Monticello Road is a community arts project in Charlottesville, Virginia. Through photography and a series of public events and conversations, we explore how an art can be an essential, integral and everyday part of a healthy community.


Connective Corridors to Monticello

Charlottesville to Monticello & Beyond is a report I co-authored about re-connecting Charlottesville to Monticello for pedestrians and cyclists. The entry explores the core of the report: a comparison of four possible connective corridors. My deepest gratitude to my co-authors (Maura Harris, Caroline Herre, Joel Lehman, and Julie Murphy) whose ideas and language infuse this entry.

The practicum team and its advisors studied four corridors to connect Charlottesville to the Saunders-Monticello Trail based on City and County Comprehensive Plans, which are closely aligned on this subject. Although it is possible to get from source to destination using other routes, such as stream valleys, our analysis had to be finite and build upon our stakeholders’ previous consensus-building work. Our work focuses mainly on transportation corridors, while acknowledging that a truly comprehensive outcome will probably make other, more recreational connections, too.

For convenience, we named these corridors Routes A, B, C, and D.

Route A: Avon Street Corridor via PVCC

Route A follows the Avon Street corridor, crosses Interstate 64 on a proposed pedestrian bridge, passes through the woods and campus of Piedmont Virginia Community College, and crosses VA-20 at a redesigned intersection at College Drive.

Overall Advantages
  • Access to PVCC
  • Connection to low-income Charlottesville city neighborhoods and Albemarle County’s Southern
  • Neighborhood Area
  • Possibility to add parking
Overall Disadvantages
  • Much of Avon Corridor is not ready for multi-modal access
  • Crossing Interstate 64
  • Crossing VA-20
  • Steep hills along Avon Street and College Drive
  • Relatively long distance
Route B: Monticello Avenue & VA-20

Route B begins on Monticello Avenue at the Charlottesville border and follows Monticello Avenue/VA-20 south past the Interstate 64 cloverleaf to the entrance to the Saunders- Monticello Trail. The most ideal expression of this route includes facilities on both sides of the road.

Overall Advantages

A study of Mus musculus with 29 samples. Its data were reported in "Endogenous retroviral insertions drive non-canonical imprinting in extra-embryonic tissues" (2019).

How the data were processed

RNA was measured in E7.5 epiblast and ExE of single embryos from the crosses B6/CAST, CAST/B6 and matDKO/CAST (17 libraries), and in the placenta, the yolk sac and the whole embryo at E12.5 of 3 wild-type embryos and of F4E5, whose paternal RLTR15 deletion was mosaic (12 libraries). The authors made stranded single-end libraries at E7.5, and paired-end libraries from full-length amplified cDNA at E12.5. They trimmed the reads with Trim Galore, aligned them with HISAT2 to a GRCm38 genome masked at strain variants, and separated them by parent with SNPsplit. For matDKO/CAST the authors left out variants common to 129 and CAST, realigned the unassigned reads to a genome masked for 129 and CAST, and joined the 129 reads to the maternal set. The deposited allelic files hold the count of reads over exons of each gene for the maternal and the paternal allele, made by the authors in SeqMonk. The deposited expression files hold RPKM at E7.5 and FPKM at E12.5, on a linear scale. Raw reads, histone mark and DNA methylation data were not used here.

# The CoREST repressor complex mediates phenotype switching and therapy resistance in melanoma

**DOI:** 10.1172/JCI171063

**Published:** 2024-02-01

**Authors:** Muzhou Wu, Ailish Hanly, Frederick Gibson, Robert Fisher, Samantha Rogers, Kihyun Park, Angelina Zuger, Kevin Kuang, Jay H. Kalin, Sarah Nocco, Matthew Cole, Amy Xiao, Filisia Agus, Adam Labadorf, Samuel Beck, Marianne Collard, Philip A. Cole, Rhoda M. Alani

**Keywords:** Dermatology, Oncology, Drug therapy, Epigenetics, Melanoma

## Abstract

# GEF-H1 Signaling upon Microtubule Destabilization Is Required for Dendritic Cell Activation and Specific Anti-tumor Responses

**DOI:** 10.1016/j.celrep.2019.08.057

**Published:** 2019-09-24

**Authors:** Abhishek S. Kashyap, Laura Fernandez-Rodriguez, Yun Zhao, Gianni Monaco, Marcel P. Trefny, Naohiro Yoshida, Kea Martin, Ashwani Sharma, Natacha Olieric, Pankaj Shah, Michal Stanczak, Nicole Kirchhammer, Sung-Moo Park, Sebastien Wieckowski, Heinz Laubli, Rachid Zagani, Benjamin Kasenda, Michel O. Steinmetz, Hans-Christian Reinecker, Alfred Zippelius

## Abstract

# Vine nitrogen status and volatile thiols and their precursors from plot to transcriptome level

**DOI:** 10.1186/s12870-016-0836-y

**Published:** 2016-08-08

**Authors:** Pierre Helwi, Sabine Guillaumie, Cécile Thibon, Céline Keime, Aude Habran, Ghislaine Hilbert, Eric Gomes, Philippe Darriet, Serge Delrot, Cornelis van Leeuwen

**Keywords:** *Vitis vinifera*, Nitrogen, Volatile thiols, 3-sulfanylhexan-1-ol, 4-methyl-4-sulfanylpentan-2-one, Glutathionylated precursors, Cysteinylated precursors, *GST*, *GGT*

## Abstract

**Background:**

• Gentlest topography
  • Links to PVCC
  • Potential to add parking
  • Designated Bike Route 76
Overall Disadvantages
  • Adjacent to a busy road (VA-20)
  • Requires reconfiguration of I-64 interchange and crossings25
Route C: Monticello Road (Re)extended

Route C begins just north of Moore’s Creek, to the east of Monticello Avenue. It crosses Moore’s Creek on a proposed bridge, passes under I-64 through a proposed tunnel, then follows the eastern edge of the Blue Ridge Hospital Site. The route then crosses VA-53 (Thomas Jefferson Parkway) on a proposed bridge, connecting with the Saunders- Monticello Trail at Michie Tavern.

Overall Advantages
  • Most direct route
  • Surrounded by scenic forest environment
  • Historic continuity
Overall Disadvantages
  • Cost of tunnel (including engineering)
  • Possible land acquisition
  • Wetland/floodplain
  • Pedestrian Bridge needed at Michie Tavern
  • Access through Michie Tavern property
Route D: Historic Woolen Mills

Starts at Woolen Mills, crosses Moore’s Creek and follows the Rivanna River and the railroad corridor, passes under the existing Interstate viaduct and follows south side of highway to join the other routes.

Overall Advantages
  • Close connection to a park and the Rivanna Trail
  • Near a potential river crossing
  • Developer of new mixed-use property eager for trail and willing to contribute.
Overall Challenges
  • Parking already an issue
  • Easement required from a second landowner
  • Disused factory site in unstable condition
  • Steep land
  • Railroad easement likely needed
We recommend a phased comprehensive approach that uses elements of all routes. A wider network provides greater access, disperses users through space, reduces crowding, and creates a diversity of route options. Each route has at least one major advantage—and at least one major disadvantage. None will meet all the goals alone.

Read the full report for a detailed description (and cost estimation) for each route as well as recommendations for a phased implementation that includes both quick wins and long-term goals.